System for ousting mayor is backed by peers


THE GOVERNMENT was defeated in the Lords last night as peers backed a move to allow the new London Assembly to remove the capital's directly elected mayor if it deemed his or her conduct unacceptable.

THE GOVERNMENT was defeated in the Lords last night as peers backed a move to allow the new London Assembly to remove the capital's directly elected mayor if it deemed his or her conduct unacceptable.

A Liberal Democrat amendment to the Greater London Authority Bill was approved by 213 votes to 117, majority 96, during detailed report stage debate. It would allow the impeachment of the Mayor of London where 19 out of 25 assembly members agreed on a vote of no-confidence.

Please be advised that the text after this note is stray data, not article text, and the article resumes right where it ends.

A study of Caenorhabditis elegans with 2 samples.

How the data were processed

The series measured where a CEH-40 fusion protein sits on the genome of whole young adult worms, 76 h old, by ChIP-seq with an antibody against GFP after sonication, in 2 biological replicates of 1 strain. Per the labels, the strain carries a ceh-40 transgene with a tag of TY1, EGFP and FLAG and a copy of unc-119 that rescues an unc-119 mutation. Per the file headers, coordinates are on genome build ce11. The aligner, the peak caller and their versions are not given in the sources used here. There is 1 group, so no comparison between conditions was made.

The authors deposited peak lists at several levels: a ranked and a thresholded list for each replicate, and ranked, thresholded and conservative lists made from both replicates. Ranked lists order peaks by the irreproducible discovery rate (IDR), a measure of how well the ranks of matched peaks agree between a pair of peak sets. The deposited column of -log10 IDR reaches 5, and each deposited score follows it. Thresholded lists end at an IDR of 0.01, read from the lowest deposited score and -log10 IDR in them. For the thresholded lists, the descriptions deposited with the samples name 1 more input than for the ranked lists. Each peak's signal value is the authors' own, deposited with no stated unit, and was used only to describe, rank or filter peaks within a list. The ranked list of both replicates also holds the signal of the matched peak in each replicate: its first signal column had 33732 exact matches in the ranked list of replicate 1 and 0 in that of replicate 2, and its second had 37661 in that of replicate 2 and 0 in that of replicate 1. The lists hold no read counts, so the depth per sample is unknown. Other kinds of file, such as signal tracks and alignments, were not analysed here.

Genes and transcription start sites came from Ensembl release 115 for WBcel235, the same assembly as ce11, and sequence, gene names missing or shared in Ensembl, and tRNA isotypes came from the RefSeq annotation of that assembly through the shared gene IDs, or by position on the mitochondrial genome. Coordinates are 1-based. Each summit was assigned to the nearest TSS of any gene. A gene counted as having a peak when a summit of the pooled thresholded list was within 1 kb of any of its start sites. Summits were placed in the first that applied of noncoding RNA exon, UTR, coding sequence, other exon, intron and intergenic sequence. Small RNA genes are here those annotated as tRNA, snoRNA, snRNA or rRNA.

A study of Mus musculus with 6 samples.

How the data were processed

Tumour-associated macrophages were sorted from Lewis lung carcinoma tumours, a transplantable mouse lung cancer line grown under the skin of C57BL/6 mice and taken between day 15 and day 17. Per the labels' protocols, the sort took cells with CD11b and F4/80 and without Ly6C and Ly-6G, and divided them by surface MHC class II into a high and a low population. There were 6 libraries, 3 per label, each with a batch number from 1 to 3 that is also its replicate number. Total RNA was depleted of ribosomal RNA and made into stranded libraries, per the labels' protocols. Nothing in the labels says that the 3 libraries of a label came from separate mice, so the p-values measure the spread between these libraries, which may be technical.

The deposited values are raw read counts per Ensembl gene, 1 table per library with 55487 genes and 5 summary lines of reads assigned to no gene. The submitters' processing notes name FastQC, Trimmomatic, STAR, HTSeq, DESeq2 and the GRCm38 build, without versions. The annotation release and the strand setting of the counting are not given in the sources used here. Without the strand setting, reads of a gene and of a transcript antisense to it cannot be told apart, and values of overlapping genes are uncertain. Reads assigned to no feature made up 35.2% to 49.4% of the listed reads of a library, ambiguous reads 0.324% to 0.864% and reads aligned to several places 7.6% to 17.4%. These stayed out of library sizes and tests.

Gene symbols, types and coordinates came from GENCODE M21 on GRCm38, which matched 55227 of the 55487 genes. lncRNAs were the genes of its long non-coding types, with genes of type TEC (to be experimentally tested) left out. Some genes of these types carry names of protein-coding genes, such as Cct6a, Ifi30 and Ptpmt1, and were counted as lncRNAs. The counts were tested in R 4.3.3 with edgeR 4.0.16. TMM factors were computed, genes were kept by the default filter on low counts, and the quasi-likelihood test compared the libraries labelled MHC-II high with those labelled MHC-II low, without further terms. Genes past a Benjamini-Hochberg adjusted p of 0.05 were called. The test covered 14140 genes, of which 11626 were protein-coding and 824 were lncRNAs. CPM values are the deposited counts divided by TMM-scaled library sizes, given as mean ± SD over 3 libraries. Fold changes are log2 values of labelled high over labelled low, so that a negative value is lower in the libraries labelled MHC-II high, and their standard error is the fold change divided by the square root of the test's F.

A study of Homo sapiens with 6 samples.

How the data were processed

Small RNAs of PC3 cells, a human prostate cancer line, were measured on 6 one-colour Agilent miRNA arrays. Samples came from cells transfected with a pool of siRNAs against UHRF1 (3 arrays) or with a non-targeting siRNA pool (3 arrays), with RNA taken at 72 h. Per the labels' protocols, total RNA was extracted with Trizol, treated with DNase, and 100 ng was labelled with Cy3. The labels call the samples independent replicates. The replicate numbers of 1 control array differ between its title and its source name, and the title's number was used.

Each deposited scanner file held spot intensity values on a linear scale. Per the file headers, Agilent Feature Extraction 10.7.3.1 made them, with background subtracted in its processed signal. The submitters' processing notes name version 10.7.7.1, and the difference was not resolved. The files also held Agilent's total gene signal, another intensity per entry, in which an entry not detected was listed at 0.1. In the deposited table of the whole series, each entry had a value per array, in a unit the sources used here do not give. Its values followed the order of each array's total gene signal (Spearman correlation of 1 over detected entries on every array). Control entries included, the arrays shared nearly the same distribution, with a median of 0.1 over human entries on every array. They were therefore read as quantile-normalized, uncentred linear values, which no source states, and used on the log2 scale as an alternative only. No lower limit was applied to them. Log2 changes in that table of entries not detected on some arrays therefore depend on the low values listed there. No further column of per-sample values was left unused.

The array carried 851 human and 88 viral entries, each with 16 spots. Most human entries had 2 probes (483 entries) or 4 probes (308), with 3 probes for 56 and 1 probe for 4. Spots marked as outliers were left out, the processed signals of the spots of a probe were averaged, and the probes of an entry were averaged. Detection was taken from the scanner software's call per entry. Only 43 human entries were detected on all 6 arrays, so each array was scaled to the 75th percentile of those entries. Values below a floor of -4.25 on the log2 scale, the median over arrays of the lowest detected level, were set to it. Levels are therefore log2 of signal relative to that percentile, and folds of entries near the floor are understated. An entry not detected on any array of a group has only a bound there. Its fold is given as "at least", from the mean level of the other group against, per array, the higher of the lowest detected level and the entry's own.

The Government defeat came after Tory peers earlier threatened to "down tools" in a row over late-night sittings to consider masses of amendments to legislation since they returned on Monday from the summer recess.

Introducing the successful amendment, Baroness Hamwee, a Liberal Democrat, said it was conceivable a mayor could lose the confidence of the assembly and of Londoners during their term in office.

She said the Bill, which establishes the Mayor and assembly, contained no provisions to remove a mayor from office unless their behaviour was illegal. But there were circumstances where the Mayor's behaviour could be deemed unacceptable for the office.

Lady Hamwee said: "We believe a politician's private life should remain private but the mayor is going to be a job about big personalities and, as such, their conduct is going to be relevant." She said other countries and constitutions had impeachment processes.